Today In History: 26 May 1972 Anti-Ballistic Missile ‘ABM’ Treaty was Signed
The Anti-Ballistic Missile Treaty (ABM Treaty or ABMT) (1972–2002) was an arms control treaty between the United States and the Soviet Union on the limitation of the anti-ballistic missile (ABM) systems used in defending areas against ballistic missile-delivered nuclear weapons. It was intended to reduce pressures to build more nuclear weapons to maintain deterrence.
Under the terms of the treaty, each party was limited to two ABM complexes, each of which was to be limited to 100 anti-ballistic missiles.
Signed in 1972, it was in force for the next 30 years. In 1997, five years after the dissolution of the Soviet Union, four former Soviet republics agreed with the United States to succeed the USSR’s role in the treaty. Citing risks of nuclear blackmail, the United States withdrew from the treaty in June 2002, leading to its termination.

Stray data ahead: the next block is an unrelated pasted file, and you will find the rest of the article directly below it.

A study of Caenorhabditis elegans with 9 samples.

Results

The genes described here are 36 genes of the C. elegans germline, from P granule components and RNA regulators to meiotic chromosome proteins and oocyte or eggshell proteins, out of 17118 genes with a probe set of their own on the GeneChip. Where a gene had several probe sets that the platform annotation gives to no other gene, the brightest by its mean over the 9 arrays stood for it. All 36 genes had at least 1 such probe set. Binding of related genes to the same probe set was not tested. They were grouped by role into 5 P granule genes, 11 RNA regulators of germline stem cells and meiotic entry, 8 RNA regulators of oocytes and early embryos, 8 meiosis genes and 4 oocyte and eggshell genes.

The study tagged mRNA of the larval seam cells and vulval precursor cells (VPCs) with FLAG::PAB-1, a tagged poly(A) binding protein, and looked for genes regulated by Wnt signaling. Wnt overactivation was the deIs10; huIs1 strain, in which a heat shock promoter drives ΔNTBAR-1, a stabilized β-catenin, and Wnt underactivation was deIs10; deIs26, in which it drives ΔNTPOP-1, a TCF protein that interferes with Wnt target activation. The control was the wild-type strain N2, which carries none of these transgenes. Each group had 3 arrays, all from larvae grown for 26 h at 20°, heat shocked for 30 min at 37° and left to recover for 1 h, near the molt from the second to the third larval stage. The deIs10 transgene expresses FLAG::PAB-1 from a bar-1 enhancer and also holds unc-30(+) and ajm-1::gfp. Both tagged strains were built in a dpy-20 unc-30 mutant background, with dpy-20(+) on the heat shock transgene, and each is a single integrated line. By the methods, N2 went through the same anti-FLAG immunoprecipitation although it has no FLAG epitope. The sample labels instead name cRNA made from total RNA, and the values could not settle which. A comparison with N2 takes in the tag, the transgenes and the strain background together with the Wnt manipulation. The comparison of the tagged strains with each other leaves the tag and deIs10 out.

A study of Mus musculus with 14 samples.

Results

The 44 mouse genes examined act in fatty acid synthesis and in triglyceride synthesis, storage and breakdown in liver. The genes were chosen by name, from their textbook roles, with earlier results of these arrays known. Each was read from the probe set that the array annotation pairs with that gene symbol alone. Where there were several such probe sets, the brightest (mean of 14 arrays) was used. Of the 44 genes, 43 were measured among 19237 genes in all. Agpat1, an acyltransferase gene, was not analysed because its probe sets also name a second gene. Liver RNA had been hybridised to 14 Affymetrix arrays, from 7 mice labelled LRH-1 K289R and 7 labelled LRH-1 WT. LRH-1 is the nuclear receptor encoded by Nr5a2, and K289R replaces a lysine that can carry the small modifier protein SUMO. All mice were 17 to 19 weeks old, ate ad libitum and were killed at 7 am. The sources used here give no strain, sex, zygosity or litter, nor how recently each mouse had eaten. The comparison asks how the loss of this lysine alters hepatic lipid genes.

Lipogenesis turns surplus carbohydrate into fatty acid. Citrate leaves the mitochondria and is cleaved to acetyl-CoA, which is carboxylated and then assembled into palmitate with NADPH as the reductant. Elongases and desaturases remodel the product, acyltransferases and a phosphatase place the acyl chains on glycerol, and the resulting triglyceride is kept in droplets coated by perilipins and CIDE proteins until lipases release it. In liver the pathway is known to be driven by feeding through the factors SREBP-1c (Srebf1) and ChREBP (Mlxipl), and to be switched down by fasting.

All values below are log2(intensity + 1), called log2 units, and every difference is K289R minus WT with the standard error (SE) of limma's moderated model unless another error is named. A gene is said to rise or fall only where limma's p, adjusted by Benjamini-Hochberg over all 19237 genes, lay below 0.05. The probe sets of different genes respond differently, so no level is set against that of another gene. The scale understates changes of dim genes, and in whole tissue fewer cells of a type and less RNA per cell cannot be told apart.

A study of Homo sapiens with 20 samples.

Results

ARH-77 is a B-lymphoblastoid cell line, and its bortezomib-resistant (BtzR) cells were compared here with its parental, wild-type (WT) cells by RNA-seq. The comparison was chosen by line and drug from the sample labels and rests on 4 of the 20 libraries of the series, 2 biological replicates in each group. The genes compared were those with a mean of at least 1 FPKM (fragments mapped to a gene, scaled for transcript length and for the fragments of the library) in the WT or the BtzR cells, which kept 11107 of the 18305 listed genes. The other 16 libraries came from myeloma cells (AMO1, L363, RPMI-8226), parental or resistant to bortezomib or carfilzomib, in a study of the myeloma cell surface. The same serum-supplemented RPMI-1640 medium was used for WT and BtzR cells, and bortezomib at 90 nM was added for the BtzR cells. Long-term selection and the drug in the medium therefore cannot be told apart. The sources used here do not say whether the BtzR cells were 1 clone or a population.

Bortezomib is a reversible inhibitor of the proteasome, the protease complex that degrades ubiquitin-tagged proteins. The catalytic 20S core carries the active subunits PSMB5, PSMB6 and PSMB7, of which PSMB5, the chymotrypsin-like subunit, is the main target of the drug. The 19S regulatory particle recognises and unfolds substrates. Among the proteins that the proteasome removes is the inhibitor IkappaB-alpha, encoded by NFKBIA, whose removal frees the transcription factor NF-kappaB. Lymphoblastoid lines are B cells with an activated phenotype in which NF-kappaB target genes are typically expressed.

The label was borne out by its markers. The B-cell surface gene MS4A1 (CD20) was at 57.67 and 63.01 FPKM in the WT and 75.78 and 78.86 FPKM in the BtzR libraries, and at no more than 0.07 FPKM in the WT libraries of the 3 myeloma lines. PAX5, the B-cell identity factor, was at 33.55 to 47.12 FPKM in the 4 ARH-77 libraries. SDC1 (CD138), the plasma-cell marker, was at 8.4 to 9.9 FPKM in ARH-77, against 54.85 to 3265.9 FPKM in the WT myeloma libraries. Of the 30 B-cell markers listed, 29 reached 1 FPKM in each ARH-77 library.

The United States first proposed an anti-ballistic missile treaty at the 1967 Glassboro Summit Conference during discussions between U.S. Secretary of Defense Robert McNamara and Chairman of the Council of Ministers of the Soviet Union Alexei Kosygin. McNamara argued both that ballistic missile defense could provoke an arms race, and that it might provoke a first-strike against the nation fielding the defense. Kosygin rejected this reasoning.
They were trying to minimize the number of nuclear missiles in the world. 4-5 Following the proposal of the Sentinel and Safeguard decisions on American ABM systems, the Strategic Arms Limitation Talks began in November 1969 (SALT I).
By 1972 an agreement had been reached to limit strategic defensive systems. Each country was allowed two sites at which it could base a defensive system, one for the capital and one for ICBM silos.
The treaty was signed during the 1972 Moscow Summit on 26 May by the President of the United States, Richard Nixon and the General Secretary of the Communist Party of the Soviet Union, Leonid Brezhnev; and ratified by the US Senate on 3 August 1972.
The 1974 Protocol reduced the number of sites to one per party, largely because neither country had developed a second site.
The sites were Moscow for the USSR and the North Dakota Safeguard Complex for the US, which was already under construction.